If I told you there was a multibillion-dollar PC company that continues to grow at a double-digit rate in this so-called age of the dead PC, you'd think I was nuts. The reason you don't hear about it is because it's buried in Dell and doesn't have much of a marketing budget. This company-within-a-company is also unique, building highly customized PCs to order.
I wonder if it doesn't point the way to the future of the PC.
Dell OEM Division Tackles Custom PC Development
The Dell OEM division has fascinated me since I first heard of it a few years now. Even though it was a fraction of the size it is today, back than it brought in more than $1 billion in revenue and grew faster than what was still a healthy PC market.
Yes, it's a small percentage of the PC market, estimated to be well over $100 billion annually, but Dell OEM fills a unique need in a sub-market saturated by firms that build their own PCs into highly customized hardware before they sell them.
Custom development is expensive — and timely upgrades and patches are even more expensive. The firms doing this development, in industries such as healthcare, networking and manufacturing, build their own PC-like components at volumes are so low that their costs are substantially higher than what Dell charges.
On top of that, their capability to patch and perform updates is woefully inadequate compared to a modern PC company, particularly against current security threats. This becomes a massive problem as firms connect this custom equipment to the network and put it at risk of being attacked — and much of this equipment was never designed to survive the kinds of attacks that prevail in today's market.
Dell Bringing Configure-to-Order Consumer Past to Enterprise Present
Remember, Dell made its name on the configure-to-order concept, giving consumers a standard case and motherboard but letting them choose the mouse, keyboard, memory and hard disk size, GPU and type of processor. If you wanted a faster machine, you got faster memory and a faster processor, maybe a better graphics card and, more recently, an SSD drive. If you wanted a larger hard drive, but you wanted to keep costs down, you bought from the bottom of the barrel.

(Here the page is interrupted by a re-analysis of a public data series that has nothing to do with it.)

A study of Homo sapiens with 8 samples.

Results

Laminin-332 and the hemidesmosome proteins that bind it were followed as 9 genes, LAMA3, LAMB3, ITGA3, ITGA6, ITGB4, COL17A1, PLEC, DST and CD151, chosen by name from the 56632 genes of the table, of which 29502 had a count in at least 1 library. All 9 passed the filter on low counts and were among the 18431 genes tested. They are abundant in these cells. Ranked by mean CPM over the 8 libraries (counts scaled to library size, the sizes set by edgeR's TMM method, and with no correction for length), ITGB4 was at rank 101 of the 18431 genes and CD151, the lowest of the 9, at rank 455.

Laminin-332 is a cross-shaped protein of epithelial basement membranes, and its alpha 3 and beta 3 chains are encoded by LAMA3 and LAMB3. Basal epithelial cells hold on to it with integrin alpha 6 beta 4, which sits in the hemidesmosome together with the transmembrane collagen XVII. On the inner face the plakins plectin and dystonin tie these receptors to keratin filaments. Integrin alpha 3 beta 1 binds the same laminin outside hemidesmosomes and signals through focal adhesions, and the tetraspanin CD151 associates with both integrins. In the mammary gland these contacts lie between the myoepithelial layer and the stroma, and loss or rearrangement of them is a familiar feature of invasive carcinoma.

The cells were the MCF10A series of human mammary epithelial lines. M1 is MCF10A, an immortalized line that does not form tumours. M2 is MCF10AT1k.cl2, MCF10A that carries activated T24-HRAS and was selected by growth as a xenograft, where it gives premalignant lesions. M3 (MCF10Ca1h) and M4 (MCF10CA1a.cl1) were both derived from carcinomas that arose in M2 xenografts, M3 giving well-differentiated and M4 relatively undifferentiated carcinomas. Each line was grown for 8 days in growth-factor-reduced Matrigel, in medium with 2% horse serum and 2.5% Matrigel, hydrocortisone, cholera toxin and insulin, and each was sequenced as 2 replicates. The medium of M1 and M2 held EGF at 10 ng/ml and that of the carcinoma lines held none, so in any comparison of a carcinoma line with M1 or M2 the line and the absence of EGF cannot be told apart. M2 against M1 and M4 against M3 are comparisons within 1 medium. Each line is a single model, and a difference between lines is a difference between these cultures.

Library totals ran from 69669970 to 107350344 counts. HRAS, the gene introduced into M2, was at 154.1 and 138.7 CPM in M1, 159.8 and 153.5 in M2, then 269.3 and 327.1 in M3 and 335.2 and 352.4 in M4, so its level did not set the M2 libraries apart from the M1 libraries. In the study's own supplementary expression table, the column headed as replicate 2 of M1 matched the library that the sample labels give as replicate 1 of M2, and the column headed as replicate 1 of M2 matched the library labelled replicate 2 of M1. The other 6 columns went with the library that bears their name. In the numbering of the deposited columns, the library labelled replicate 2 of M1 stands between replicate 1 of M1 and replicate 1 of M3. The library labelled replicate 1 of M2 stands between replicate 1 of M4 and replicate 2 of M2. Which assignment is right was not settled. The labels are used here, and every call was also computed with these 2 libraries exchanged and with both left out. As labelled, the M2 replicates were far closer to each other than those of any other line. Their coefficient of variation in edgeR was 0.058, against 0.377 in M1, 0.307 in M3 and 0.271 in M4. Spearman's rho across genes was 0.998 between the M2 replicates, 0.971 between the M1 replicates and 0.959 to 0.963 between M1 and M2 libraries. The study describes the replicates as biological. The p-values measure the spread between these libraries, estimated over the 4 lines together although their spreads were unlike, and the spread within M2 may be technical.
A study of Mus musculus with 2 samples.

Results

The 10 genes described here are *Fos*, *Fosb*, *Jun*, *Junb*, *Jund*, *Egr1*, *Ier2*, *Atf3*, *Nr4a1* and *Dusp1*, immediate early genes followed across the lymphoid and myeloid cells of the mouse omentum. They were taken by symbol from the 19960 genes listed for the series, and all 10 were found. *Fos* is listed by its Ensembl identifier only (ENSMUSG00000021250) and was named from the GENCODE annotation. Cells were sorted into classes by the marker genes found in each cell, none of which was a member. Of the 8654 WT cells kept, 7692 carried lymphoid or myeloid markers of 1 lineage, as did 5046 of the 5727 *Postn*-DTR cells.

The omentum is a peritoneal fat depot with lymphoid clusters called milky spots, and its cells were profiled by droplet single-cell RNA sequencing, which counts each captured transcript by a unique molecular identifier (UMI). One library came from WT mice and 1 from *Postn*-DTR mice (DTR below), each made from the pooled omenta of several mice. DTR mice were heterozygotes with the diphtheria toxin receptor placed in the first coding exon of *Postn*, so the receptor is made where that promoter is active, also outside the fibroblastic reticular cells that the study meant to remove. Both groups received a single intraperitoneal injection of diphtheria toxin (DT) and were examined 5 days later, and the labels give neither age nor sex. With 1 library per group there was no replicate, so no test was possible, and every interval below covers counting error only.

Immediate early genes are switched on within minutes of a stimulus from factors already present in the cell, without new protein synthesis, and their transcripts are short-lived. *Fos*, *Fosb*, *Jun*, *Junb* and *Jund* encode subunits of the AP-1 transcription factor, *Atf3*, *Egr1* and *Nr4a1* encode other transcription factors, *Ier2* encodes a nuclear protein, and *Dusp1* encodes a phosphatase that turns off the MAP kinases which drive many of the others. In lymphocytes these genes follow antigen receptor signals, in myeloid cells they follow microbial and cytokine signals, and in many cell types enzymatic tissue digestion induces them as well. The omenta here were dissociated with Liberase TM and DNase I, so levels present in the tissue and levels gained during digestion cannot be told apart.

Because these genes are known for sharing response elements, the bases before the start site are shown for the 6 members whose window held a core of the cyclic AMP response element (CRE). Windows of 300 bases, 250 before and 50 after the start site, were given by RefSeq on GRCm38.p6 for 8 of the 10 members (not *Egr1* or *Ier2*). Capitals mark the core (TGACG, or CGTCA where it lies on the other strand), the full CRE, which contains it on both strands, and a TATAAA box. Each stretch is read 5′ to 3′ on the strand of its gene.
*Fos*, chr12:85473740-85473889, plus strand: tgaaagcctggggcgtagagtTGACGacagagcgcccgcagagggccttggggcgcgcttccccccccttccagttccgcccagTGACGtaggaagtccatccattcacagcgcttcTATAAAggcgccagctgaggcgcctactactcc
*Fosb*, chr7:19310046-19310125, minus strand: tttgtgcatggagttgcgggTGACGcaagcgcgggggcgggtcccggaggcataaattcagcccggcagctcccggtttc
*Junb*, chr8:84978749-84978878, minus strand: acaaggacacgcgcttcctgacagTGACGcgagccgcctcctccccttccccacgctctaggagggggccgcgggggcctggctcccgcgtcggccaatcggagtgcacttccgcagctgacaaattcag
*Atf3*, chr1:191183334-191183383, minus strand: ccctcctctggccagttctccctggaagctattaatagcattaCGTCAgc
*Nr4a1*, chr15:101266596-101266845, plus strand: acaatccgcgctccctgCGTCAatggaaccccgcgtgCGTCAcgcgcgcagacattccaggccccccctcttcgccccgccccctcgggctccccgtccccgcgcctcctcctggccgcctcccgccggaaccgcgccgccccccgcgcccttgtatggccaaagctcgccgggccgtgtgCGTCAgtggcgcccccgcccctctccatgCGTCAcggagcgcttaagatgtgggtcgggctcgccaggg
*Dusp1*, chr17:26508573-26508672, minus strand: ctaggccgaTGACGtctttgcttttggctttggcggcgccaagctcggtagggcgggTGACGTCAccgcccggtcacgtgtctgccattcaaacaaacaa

This is different than opening up the entire design for your choice. It's walking in with a drawing you thought up, along with some specs, and asking a firm to build what you designed. This is what Dell OEM does.
What about building them into desks as removable modules, or into walls for home automation, enhanced security capabilities or just to create a cleaner look? A school could create unique laptops and tablets that would better meet students' need and be hard to resell (and therefore nearly worthless to a thief). A firm could equip its sales force with a PC that better promotes the company brand or uses a unique component that the firm sells; this would help sales, create a deep connection between the employee and the company and still retain the support advantages of a more off-the-shelf solution.
Are You Ready to Think Out of the Box?
What would you do if you could have any PC configuration you could imagine, limited only by the technology available? Heck, what if the PC maker worked with AMD to customize the processor and GPU to order? It could be portable, wireless, look wild, hide in a modular case, run any x86 operating system (and likely Android as well), come with (or without) a display. The only lasting design limitation would be your imagination. Wouldn't that be the near ultimate choice?
Imagine if you could build the perfect PC. Would you be up to the challenge? Apparently, a ton of people are. That's why Dell OEM is the incredibly successful and largely unknown PC company.
Rob Enderle is president and principal analyst of the Enderle Group. Previously, he was the Senior Research Fellow for Forrester Research and the Giga Information Group. Prior to that he worked for IBM and held positions in Internal Audit, Competitive Analysis, Marketing, Finance and Security. Currently, Enderle writes on emerging technology, security and Linux for a variety of publications and appears on national news TV shows that include CNBC, FOX, Bloomberg and NPR.